PCOS - Friendly Foods
Vegetables are a great source of nutrients. They are rich in vitamins, minerals and antioxidants. Vegetables contain vitamins; A, C, D, E, K and many of the B vitamins. I have posts on the topic of vitamin B6, B12 and E and how they play a crucial role in managing PCOS symptoms. They are also fortified in iron, potassium, magnesium and calcium.
Green leafy vegetables, specifically, have many great health properties. They have anti-inflammatory properties, are high in magnesium and have a low glycemic index. Research has identified including 1 serving/day of green leafy vegetables lowered the risk of diabetes by 9 percent. Furthermore, they are also fortified in vitamin K which is vital healthy bones.
However, all colorful vegetables (red, purple/blue, orange/yellow, green, Brown/white) offer nutritional benefits, they are full of vitamins and antioxidants that protect our health .
Vegetables are also high in fiber. Women with PCOS should include high fiber foods in their diet, this is because fiber can help reduce the level of glucose in the blood by slowing the rate of release into the bloodstream. This will also control the insulin hormone in your body ensuring it does not spike and in turn triggering a hormonal imbalance in the ovaries by increasing the production of androgen.
Fruit is also a great source of fiber, vitamins, minerals and antioxidants. Women with PCOS often try and avoid fruit due to its high sugar content, which can cause a spike in blood sugar levels and in turn insulin. However, fruits also contain key nutrients required to manage PCOS.
To avoid the spike in insulin levels, opt for Low GI fruits, such as cherries, grapefruit, dried apricots, pears, apples, oranges, plums, strawberries, peaches, grapes.
Low GI Carbohydrates
A common symptom of PCOS is insulin resistance. Insulin resistance is a condition in which cells fail to respond to insulin effectively. Following a low GI diet helps to manage the risk of a rise in blood sugar levels and therefore insulin.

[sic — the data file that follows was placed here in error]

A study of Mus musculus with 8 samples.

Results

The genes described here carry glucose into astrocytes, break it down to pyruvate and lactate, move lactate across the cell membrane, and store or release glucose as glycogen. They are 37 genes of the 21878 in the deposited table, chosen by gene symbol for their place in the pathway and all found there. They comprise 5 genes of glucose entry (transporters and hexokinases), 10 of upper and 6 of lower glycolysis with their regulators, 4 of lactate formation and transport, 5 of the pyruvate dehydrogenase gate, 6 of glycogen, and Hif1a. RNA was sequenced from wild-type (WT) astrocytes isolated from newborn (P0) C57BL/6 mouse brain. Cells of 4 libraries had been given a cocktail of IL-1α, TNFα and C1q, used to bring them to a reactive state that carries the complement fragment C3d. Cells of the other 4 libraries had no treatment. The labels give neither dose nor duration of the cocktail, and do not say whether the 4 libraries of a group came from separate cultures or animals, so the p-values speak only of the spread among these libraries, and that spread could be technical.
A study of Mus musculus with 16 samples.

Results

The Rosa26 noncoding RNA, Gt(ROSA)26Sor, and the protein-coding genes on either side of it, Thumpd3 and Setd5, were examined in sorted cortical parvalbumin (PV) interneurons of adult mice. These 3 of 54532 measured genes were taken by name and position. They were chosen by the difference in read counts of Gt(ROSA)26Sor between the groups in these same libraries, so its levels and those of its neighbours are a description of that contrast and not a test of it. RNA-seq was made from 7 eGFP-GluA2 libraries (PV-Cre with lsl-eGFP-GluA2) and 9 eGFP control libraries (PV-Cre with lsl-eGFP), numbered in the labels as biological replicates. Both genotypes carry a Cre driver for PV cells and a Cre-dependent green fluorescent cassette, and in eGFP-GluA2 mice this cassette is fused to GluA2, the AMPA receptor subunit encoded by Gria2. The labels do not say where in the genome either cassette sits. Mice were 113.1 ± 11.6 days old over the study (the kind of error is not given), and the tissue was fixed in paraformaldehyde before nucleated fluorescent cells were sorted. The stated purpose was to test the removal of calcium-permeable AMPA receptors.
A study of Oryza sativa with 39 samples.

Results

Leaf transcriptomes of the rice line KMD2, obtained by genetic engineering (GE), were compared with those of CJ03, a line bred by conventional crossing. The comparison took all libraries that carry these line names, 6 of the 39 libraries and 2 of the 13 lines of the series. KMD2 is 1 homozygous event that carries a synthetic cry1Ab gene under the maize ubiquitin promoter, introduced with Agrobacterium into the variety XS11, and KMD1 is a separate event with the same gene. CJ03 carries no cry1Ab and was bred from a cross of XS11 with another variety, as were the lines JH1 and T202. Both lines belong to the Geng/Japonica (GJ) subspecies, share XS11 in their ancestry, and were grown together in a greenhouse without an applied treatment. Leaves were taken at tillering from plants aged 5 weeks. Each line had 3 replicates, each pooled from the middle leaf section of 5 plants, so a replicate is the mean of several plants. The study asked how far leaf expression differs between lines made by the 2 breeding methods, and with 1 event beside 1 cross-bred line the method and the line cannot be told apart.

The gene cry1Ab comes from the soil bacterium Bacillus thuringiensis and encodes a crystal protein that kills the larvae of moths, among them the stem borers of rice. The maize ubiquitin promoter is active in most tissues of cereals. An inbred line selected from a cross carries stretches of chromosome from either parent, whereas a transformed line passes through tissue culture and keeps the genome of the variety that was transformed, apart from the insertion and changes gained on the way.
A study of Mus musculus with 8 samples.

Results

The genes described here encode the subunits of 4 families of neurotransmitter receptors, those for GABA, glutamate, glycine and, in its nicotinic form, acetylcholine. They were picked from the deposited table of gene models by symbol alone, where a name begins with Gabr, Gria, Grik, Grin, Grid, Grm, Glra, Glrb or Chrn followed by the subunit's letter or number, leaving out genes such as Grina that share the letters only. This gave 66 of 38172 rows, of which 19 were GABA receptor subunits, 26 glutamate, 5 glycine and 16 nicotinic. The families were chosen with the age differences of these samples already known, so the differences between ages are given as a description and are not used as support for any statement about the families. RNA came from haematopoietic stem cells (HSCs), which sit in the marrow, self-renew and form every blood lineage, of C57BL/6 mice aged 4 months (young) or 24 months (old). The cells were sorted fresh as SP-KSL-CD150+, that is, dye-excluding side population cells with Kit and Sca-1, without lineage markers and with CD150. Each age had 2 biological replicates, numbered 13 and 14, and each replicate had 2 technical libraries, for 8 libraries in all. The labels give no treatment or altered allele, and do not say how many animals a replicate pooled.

Not all fat is bad and the fat you eat does not make you fat. Consuming healthy fats, such as monounsaturated and polyunsaturated is important for our PCOS but also for our overall health.
Healthy fats aid in hormone balance, fertility, body composition and it helps with the absorption of certain nutrients, su
ch as fat-soluble vitamins (vitamins A, D, E and K) and antioxidants (such as; beta-carotene and lycopene).
Research has found that monounsaturated fat can lower
LDL-cholesterol (the “bad” cholesterol)
Also, including fats in your diet will keep you fuller for longer.
Healthy fat food options include; salmon, nuts and seeds, avocado.
Good Quality Meat
If you do eat meat, it is important to eat lean and better quality meat. Grass-fed meat is often "organic", naturally leaner and has not been exposed to many artificial hormones and high levels of antibiotics than standard meat.
Grass fed meat contain more omega - 3 than grain fed meat. Grain feeding causes the meat to lose it's omega 3 content. It can be suggested that the higher omega - 3 content in the grass-fed beef might be more “anti-inflammatory” than conventional grain-fed beef., most grass-fed beef is also “organic,” and hasn’t been exposed to a lot of artificial hormones and high levels of antibiotics.